The old A&P supermarket site, which has been vacant for decades, is long overdue for a facelift.
Florida developers plan to give it one that, according to blueprints submitted to the township, would result in three new retail stores and two restaurants.
Win Development, based out of Belleair Beach in the Sunshine State, bought the property for $2.85 million in late April from the Pittsburgh Cyndon Co. The asking price in previous listings for the property at 1910 N. Atherton St. was $3.5 million.
Developers submitted plans to the township in late January for the existing 26,949-square-foot building to be razed, a new lot to be paved and three buildings to be constructed.
The middle building in the lot would be divided into 2,543 and 1,215 square foot retail stores. And the building next to Denny’s would be a 2,728 square foot restaurant with 989 square feet of indoor seating and 300 square feet of outdoor seating.
It is unknown what stores and eateries will operate at the development. Submissions have not been made to the township for the businesses, according to township staffers, and developer Owen Ewing did not respond to requests for comment.
According to township staff, the developers are working with the state Department of Transportation on traffic issues.
The proposed plan would eliminate the current access path to the lot, turn it into parking and create two access paths, one at the intersection of Colonnade Way and North Atherton and one at the bottom of the lot. There would be 97 parking spaces.
“This is absolutely feasible,” township engineer Brent Brubaker said. “The parking works, and we’re working to make sure we have an adequate left turn lane into the site, and the ingress and egress items are what we’re particularly looking at. This is feasible, and looks like an appropriate use for where it’s located.”
Brubaker said the developer’s plans could go before the Planning Commission June 1 and get action from the Board of Supervisors in July pending approval by PennDOT in the next two weeks.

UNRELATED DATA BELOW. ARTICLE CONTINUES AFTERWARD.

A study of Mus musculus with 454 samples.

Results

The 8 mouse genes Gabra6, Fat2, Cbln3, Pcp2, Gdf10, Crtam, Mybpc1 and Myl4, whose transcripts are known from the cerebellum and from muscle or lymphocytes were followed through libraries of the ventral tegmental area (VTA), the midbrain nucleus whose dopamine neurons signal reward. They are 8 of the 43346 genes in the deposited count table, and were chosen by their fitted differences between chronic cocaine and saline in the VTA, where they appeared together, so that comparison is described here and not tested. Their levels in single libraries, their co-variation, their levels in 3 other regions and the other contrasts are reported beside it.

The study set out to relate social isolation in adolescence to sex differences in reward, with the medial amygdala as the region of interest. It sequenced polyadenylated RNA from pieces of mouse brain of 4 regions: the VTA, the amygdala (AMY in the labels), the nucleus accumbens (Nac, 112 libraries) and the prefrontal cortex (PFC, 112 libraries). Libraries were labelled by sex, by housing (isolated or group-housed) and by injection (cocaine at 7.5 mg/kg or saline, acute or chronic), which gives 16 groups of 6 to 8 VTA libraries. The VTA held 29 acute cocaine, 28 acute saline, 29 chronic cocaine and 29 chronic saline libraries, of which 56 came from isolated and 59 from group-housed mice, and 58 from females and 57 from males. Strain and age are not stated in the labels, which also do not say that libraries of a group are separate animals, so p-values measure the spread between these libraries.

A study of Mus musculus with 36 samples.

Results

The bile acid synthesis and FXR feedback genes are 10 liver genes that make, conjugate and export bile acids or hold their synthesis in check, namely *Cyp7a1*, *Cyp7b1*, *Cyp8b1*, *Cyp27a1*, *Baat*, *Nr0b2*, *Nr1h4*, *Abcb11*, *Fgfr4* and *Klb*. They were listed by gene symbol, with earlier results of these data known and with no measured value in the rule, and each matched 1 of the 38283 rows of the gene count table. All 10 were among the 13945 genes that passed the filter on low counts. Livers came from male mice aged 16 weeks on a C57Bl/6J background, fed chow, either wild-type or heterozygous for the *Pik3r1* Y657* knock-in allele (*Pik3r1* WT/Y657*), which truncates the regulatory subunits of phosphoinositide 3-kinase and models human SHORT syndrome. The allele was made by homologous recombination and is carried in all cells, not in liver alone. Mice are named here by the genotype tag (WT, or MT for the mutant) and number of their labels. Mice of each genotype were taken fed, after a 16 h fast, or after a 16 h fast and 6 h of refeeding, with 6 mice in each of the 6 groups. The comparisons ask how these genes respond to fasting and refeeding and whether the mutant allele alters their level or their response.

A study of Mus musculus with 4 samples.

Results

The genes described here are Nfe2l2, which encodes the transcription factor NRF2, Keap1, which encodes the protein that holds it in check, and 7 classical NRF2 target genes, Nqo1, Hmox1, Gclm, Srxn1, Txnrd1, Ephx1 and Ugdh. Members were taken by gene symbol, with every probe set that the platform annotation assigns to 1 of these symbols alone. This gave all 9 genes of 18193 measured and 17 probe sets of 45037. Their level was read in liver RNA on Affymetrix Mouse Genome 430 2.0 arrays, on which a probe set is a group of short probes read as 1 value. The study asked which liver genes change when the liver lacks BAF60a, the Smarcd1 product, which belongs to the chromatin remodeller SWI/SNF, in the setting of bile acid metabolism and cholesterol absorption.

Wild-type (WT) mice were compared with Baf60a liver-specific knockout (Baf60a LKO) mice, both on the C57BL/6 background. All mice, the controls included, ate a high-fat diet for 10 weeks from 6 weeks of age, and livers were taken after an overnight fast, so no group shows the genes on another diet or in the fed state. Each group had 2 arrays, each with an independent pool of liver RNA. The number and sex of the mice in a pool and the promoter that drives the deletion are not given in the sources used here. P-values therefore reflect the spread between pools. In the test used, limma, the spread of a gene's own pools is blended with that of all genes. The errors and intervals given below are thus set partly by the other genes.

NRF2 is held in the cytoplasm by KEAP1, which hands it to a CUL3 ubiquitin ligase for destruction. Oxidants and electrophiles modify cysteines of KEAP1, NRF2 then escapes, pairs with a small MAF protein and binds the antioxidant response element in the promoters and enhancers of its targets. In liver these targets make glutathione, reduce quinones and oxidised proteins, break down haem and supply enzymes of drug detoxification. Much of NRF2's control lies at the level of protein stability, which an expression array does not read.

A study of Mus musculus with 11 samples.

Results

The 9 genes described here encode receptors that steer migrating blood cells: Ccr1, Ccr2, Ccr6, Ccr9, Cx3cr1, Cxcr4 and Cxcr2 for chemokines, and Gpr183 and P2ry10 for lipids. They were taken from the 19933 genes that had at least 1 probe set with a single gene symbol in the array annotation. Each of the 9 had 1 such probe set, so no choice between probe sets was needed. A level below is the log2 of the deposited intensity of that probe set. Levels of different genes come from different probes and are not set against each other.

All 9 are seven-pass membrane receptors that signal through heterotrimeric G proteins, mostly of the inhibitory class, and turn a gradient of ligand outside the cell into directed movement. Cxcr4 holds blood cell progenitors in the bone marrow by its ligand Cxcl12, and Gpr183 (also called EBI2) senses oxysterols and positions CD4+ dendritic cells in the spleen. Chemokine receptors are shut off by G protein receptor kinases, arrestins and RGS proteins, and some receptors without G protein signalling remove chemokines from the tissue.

Brubaker and township zoning officer Ken Soder said previous possibilities for the property included a Halloween-themed store, Chick-fil-A and Dairy Queen, but that deals were never reached.
“In the past, the owner has been contacted by other potential developers, and we don’t know which of these it was, but either the price wasn’t right or he just didn’t want to move it,” Brubaker said.
A hurdle for past potential developers and business owners at the site was the existing building’s condition.
“The building was so old that if anyone wanted to operate in it, they’d need to have code (enforcement) go in there and go through the whole building,” Brubaker said. “It’s been there forever, not doing anything, and I’m sure it’s very outdated with respect to code.”
“If the building were located properly for access, it would probably be feasible to save it,” Soder added. “With the access and the red light at Colonnade Way, it’s just logical to take it down.”
And to start anew.
“It’s a great location for development,” Brubaker said. “You’ve got a commercial piece of property sitting here vacant for so long, so it definitely is nice to finally get something in there.”